Saturday, 29 April 2017
Sunday, 23 April 2017
secrets of the talking horse:
crew applied peanut butter to his gums to get him to move his lips.
a string was used. "It was initially done by putting a piece of nylon thread in his mouth.
the gelding learned to wag his lips whenever his hoof was touched.
ﾞ（ﾟ､ ｡ ７
Saturday, 22 April 2017
Diogenes the Cynic said nothing upon hearing Zeno's arguments, but stood up and walked
The physical world requires a resolution amount used to distinguish distance while mathematics can use any resolution.
- At every instant of time there is no motion occurring. If everything is motionless at every instant, and time is entirely composed of instants, then motion is impossible.
- Instants are not parts of time, for time is not made up of instants any more than a magnitude is made of points, as we have already proved. Hence it does not follow that a thing is not in motion in a given time, just because it is not in motion in any instant of that time
Monday, 17 April 2017
Saturday, 15 April 2017
its just a different flavor of dumb
in other words, you extracted everything out of your graphic card
Вы либо умереть герой, или жить достаточно долго, чтобы Смотрите сами становитесь
( . .)
hey are you gonna put my statue up ?
Friday, 14 April 2017
“Crawl in,” said the witch, “and see if it’s hot enough to put the bread in.”
—Hansel and Gretel
All roads lead to rooms.
—Hansel and Gretel
All roads lead to rooms.
clutching my Crumbl
William James says that in times of trauma and crisis a door is opened to a place where facts and apparitions mix.
When I was a visiting poet at Temple, I encountered two huge volumes called Melville’s Marginalia. Its editor, Wilson Walker Cowen, had collected and printed all the passages Melville had marked in his personal library. At first glance, this alphabetically arranged collection of quotations from numerous authors resembled a giant Charles Olson poem. The preface said Cowen died young. All this immense labor had been for his graduate- student degree. I thought of the pale usher and the sub-sub-librarian in Moby-Dick. Then, as I was going over the material, I came upon Melville’s notes in his copy of the Irish poet James Clarence Mangan’s collected works. I remembered singing Mangan’s “Róisín Dubh” with the Reddins. I looked into Mangan’s life and work, and by following Mangan—God! I couldn’t believe it—I found that he may have been a source for the character of Bartleby.
Earlier, when I was writing the poems that would become Frame Structures, I stumbled on Longfellow’s wife Frances Appleton, who died by fire in their home library. She was trying to paste locks of her children’s hair into an album, using a candle to melt the wax, when a spark fell on her dress. His beard you see in the famous photograph was grown to cover the scars on his face, which was badly burned when he tried to save her. The Longfellow House is now a National Historic Site, and when I took the tour I asked the guide which was the room she burned in. He brushed the question aside as if such a thing had never happened. It doesn’t fit the sunny portrait of the author they are hired to exhibit.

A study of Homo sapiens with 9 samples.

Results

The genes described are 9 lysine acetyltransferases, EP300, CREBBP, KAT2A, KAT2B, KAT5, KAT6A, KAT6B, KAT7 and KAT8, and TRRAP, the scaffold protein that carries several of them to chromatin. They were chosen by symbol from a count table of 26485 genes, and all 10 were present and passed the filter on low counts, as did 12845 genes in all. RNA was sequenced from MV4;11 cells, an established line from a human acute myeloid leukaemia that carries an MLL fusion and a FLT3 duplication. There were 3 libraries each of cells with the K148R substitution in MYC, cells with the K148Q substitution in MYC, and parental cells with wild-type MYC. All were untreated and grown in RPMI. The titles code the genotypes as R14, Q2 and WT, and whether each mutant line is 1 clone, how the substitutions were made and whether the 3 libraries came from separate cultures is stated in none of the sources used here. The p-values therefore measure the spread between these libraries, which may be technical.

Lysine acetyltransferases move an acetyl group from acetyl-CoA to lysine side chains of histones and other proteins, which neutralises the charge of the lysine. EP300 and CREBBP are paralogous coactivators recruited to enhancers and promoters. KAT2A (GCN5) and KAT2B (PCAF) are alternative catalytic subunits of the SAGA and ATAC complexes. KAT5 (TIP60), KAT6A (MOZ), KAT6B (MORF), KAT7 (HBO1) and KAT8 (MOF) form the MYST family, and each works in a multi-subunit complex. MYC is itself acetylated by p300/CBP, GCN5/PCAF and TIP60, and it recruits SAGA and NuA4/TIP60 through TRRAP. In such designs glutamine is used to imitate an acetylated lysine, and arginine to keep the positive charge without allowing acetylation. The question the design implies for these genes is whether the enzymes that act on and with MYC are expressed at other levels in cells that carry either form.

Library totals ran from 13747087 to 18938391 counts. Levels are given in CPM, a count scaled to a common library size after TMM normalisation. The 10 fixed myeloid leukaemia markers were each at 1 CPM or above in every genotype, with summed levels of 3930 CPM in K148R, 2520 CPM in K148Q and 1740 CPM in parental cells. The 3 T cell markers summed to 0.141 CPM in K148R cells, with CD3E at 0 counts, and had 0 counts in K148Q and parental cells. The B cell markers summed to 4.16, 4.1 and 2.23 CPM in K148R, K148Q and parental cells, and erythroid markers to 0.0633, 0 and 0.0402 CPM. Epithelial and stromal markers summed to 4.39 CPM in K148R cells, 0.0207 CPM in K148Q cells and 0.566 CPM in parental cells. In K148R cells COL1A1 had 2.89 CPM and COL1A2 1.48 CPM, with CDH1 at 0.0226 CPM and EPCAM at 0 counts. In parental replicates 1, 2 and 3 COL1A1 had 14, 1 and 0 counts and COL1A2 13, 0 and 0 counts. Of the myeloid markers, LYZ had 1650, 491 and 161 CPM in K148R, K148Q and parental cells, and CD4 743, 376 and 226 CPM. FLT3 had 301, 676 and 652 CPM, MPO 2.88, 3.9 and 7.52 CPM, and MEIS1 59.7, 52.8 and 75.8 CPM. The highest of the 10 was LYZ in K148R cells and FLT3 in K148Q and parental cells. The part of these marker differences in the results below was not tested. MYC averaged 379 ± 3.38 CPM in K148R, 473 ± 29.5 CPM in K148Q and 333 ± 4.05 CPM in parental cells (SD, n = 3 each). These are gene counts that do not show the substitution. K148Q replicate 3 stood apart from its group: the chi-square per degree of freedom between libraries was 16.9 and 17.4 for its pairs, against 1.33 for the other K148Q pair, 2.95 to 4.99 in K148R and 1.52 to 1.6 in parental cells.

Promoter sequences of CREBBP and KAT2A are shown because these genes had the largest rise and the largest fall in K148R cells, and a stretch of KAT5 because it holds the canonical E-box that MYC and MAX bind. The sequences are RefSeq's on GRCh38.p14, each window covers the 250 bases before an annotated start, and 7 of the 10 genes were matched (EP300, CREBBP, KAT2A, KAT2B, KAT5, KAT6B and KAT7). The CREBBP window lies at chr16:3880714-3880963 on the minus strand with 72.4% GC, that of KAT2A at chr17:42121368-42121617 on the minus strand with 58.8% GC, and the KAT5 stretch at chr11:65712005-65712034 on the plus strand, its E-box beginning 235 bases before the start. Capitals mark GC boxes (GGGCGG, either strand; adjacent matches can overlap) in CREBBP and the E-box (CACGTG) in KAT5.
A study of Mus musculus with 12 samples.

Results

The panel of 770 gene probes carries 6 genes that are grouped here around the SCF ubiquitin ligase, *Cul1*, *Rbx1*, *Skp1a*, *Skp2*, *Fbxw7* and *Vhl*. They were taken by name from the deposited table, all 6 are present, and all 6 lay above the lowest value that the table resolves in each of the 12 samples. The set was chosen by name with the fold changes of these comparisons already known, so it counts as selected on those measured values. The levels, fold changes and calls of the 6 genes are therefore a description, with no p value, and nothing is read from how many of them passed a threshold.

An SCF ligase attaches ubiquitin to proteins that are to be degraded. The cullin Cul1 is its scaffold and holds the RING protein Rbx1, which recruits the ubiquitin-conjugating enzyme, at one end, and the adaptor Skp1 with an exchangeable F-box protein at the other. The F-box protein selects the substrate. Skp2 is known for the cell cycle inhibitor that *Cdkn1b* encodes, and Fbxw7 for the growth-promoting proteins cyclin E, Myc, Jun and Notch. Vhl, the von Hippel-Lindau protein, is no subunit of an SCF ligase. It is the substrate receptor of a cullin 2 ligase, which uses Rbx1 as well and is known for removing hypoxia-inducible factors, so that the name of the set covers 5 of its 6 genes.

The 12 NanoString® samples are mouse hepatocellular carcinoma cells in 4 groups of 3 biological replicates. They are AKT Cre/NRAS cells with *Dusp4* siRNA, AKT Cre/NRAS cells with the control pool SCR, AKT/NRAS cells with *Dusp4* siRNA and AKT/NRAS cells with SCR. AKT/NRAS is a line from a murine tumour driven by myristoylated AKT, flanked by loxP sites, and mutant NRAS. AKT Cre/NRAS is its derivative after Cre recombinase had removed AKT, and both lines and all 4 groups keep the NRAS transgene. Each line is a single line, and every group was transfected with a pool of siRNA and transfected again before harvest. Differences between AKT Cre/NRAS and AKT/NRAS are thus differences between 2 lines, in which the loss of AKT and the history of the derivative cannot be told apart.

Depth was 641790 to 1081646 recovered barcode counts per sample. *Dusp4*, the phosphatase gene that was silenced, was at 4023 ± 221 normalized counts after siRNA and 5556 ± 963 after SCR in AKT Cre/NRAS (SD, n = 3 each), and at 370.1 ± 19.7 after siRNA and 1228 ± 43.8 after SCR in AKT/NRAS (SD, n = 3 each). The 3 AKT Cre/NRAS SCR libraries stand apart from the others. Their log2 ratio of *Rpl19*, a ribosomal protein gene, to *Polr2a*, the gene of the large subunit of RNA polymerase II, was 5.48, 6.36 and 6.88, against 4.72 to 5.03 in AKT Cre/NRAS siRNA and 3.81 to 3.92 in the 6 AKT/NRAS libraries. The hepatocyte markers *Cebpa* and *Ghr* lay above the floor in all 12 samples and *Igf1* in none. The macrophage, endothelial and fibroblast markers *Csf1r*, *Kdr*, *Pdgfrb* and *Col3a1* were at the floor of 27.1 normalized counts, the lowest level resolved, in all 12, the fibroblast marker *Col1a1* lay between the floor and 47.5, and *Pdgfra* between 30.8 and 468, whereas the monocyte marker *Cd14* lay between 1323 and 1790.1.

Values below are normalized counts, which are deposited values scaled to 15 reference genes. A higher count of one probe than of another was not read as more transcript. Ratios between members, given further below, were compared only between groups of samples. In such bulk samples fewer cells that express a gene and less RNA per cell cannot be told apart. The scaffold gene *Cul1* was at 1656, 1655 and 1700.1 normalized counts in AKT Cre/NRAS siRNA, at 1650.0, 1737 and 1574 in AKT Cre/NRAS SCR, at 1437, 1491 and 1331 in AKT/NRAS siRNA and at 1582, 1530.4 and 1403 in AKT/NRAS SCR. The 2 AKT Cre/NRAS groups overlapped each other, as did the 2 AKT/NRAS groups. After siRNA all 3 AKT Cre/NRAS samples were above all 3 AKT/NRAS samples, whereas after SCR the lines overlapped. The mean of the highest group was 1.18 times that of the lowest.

In the same way, I came upon Jonathan Edwards’s sister Hannah by chance when I slipped her “private writings” out of a folder in the Beinecke Reading Room at Yale.
I don’t want to be so arrogant as to say these are recoveries. Maybe certain people find me.
from My Emily Dickinson
When I love a thing I want it and I try to get it. Abstraction of the particular from
the universal is the entrance into evil. Love, a binding force, is both envy and
emulation. HE (the Puritan God) is a realm of mystery and will always remain
unknowable, authoritarian, unpredictable. Between revealed will and secret will
Love has been torn in two.
Thursday, 13 April 2017
At the center, the “Square of the Appalling Mobile.” Saturation of the market with a product causes the product’s market value to fall: thus, as they explored the Sinister Quarter, children would learn not to fear the anguishing occasions of life, but to be amused by them.
Wednesday, 12 April 2017
Wednesday, 5 April 2017
Some Cretaceous echinoids, notably Micraster (Fig. 2), Echinocorys (Fig. 3) and Conulus (Fig. 4), have been given the name ‘Shepherd’s crowns’ in English folklore. The five rays converging on the apex of the fossil do indeed resemble the ribs of a crown. According to Bassett (1982), shepherds may have come across these fossils, eroded from the underlying chalk, while caring for their sheep on the downlands of southern England.
St Peter’s Church (Fig. 5) in the small Hampshire village of Linkenholt is remarkable for the incorporation of Chalk echinoids into the walls. On the north side of this church, a tall window is capped by a square arch containing 20 flint echinoids (Fig. 6), while a larger window on the south side has a rounded arch inset with 25 similar Shepherd’s crowns (Fig. 7). These echinoids were apparently recycled into the fabric of this small Victorian church from its thirteenth century predecessor, thus preserving a legacy of the pagan belief that they had the power to ward off the Devil (McNamara, 2011).